Ottawa, ON – The strike at CN is a major disruption to the Canadian economy, according to a statement issued by the Freight Management Association of Canada.
CN accounts for more than half of the 42,000 km rail network in Canada. The revenues of CN compared to its main competitor, CP are indicative of the size and scope of CN’s operations. At the end of the third quarter, CN’s gross revenue was $11.3 Billion compared to CP’s $5.7 billion.
“Major service disruptions like this strike cause significant losses and layoffs throughout many industries” said Bob Ballantyne, FMA President. “Beyond the immediate impact to CN and its customers, the resulting impacts on exporters and importers, on manufacturers, on ports, on connecting railways in Canada and the U.S., and on empty container and rail car supply cannot be overstated. The ripple effects will be felt across the North American economy”, he added.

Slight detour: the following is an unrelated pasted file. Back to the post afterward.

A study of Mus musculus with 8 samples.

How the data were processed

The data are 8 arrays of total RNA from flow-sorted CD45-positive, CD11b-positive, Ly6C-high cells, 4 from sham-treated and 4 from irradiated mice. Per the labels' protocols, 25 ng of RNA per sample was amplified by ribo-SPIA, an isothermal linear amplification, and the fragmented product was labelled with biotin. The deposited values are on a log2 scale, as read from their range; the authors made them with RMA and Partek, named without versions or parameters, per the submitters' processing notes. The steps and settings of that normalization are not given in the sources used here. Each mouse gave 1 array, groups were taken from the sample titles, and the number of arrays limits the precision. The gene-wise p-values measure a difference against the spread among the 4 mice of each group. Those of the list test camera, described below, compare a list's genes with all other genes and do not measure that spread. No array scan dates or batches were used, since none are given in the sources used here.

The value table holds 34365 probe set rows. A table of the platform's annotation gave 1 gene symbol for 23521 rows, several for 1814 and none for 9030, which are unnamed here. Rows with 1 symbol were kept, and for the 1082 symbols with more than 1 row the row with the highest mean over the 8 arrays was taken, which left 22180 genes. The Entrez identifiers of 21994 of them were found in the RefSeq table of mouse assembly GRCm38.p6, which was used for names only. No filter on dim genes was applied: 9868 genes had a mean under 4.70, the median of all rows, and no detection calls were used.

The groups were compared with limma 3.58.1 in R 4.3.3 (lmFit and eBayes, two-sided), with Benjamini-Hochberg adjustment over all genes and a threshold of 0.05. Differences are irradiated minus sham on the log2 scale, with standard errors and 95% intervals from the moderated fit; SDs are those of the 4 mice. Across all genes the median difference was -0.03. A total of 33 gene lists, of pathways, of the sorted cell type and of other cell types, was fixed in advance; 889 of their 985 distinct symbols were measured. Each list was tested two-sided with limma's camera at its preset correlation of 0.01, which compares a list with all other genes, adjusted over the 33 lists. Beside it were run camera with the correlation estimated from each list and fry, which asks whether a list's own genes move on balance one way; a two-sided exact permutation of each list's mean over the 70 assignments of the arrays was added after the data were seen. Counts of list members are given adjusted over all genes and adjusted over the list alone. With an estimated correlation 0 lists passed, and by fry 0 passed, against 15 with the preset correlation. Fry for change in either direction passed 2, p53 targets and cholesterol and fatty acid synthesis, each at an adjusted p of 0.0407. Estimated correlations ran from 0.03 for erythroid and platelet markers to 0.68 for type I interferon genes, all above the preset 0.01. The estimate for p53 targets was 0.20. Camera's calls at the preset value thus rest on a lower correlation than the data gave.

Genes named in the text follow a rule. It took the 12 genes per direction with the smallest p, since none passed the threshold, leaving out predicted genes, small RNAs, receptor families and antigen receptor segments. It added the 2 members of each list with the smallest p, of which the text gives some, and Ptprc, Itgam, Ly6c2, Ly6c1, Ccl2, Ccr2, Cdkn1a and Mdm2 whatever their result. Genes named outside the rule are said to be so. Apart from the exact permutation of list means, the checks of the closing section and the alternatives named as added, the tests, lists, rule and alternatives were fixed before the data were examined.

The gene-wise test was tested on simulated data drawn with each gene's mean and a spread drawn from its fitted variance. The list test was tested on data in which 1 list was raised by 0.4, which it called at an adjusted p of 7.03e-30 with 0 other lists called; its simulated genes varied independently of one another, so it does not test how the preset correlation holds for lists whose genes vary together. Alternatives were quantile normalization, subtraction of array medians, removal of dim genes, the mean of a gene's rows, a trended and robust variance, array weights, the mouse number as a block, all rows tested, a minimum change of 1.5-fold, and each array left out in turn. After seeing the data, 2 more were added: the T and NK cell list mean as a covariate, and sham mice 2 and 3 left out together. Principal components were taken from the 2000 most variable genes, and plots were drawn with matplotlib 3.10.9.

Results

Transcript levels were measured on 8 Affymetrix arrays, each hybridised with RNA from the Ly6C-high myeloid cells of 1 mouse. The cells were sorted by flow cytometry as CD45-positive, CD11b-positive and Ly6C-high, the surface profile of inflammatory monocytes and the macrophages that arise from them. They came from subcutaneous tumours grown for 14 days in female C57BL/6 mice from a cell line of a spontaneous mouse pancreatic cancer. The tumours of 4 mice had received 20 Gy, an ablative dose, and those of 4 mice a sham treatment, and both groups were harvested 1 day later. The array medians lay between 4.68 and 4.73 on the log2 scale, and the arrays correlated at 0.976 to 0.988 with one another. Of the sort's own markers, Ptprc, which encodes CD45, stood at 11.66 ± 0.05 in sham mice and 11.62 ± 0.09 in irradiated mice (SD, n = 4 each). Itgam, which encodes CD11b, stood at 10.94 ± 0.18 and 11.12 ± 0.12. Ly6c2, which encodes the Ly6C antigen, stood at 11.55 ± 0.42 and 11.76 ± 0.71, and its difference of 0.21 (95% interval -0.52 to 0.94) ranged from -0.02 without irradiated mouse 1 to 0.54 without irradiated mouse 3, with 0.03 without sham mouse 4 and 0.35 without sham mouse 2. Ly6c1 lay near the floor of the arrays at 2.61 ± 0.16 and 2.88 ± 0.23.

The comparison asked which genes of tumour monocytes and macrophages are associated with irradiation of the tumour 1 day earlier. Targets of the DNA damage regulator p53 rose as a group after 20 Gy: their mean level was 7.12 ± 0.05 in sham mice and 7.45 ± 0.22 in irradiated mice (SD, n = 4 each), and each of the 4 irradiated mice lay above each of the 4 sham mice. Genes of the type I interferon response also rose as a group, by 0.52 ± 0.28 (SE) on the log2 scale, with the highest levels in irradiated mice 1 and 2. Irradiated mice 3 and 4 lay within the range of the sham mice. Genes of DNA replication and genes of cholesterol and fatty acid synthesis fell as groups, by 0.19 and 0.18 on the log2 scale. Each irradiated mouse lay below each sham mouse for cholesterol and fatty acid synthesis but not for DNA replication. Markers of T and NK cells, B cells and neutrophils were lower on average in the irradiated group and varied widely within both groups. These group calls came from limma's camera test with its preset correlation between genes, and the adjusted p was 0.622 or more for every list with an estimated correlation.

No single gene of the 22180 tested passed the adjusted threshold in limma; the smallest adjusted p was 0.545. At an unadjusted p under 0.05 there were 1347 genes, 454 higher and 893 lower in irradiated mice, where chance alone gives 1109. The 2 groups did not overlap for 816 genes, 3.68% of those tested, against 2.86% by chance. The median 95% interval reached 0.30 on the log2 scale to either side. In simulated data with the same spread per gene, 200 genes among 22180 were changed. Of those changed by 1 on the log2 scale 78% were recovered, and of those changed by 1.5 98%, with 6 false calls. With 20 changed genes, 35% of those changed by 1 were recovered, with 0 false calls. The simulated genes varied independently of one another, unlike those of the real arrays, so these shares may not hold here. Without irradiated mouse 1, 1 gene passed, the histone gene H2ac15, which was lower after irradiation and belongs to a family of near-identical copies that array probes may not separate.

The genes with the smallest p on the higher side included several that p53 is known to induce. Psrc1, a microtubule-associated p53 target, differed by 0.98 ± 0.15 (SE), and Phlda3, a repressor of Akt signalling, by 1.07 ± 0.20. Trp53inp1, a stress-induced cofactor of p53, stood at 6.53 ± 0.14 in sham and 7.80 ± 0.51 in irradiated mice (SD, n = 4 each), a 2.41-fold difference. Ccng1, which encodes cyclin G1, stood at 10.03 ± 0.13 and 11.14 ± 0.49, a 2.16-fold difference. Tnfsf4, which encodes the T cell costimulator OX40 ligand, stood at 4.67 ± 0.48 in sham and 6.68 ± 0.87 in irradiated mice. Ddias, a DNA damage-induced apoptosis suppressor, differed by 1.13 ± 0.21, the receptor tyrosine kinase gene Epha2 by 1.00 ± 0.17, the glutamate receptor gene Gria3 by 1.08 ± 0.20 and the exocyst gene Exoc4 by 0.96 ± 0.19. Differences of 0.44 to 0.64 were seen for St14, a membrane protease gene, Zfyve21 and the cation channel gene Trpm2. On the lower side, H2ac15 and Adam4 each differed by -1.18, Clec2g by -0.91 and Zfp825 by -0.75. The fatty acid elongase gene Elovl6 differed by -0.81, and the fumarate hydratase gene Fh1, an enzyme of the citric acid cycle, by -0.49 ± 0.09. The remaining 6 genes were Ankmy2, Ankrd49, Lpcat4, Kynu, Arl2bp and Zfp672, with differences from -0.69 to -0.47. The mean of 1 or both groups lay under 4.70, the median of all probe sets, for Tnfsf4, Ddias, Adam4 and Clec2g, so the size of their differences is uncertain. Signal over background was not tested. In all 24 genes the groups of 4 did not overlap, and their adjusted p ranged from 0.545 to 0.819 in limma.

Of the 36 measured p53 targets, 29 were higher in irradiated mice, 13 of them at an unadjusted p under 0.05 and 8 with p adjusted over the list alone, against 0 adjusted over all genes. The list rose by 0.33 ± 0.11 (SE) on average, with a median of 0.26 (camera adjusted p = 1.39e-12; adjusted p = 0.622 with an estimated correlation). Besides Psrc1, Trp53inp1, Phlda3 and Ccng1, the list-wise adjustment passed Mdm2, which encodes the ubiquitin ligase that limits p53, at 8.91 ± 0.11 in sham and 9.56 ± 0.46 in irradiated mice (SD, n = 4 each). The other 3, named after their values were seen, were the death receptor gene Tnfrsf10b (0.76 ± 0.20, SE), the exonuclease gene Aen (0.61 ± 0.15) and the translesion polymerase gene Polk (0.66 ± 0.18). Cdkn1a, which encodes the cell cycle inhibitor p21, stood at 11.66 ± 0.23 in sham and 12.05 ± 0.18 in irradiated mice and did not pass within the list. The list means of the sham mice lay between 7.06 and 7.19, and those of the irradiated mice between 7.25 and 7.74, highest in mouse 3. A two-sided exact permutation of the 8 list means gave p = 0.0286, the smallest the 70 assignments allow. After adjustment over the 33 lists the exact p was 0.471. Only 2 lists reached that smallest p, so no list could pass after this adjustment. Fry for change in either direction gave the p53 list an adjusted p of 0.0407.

“It should also be noted that, CP and the trucking industry will not be able to handle the additional workload”, Ballantyne added.
Canada is a nation of “big geography” and an economy that depends heavily on the effective transport of bulk commodities for export over long distances to Canada’s ports. Many of the consumer goods that Canadians need also depend on effective rail transportation from port to store. Canada’s retailers import using intermodal containers and depend on the railways to move those containers effectively and efficiently across the country, and this is particularly critical during this peak retail season. This strike will impact the economy in eastern Canada as well as in the west.
The member companies of FMA have communicated their concerns to the Canadian government and also to CN and the Teamsters Canada Rail Conference. If the parties can’t negotiate a settlement, the federal government will need take early action to limit the damage of this strike.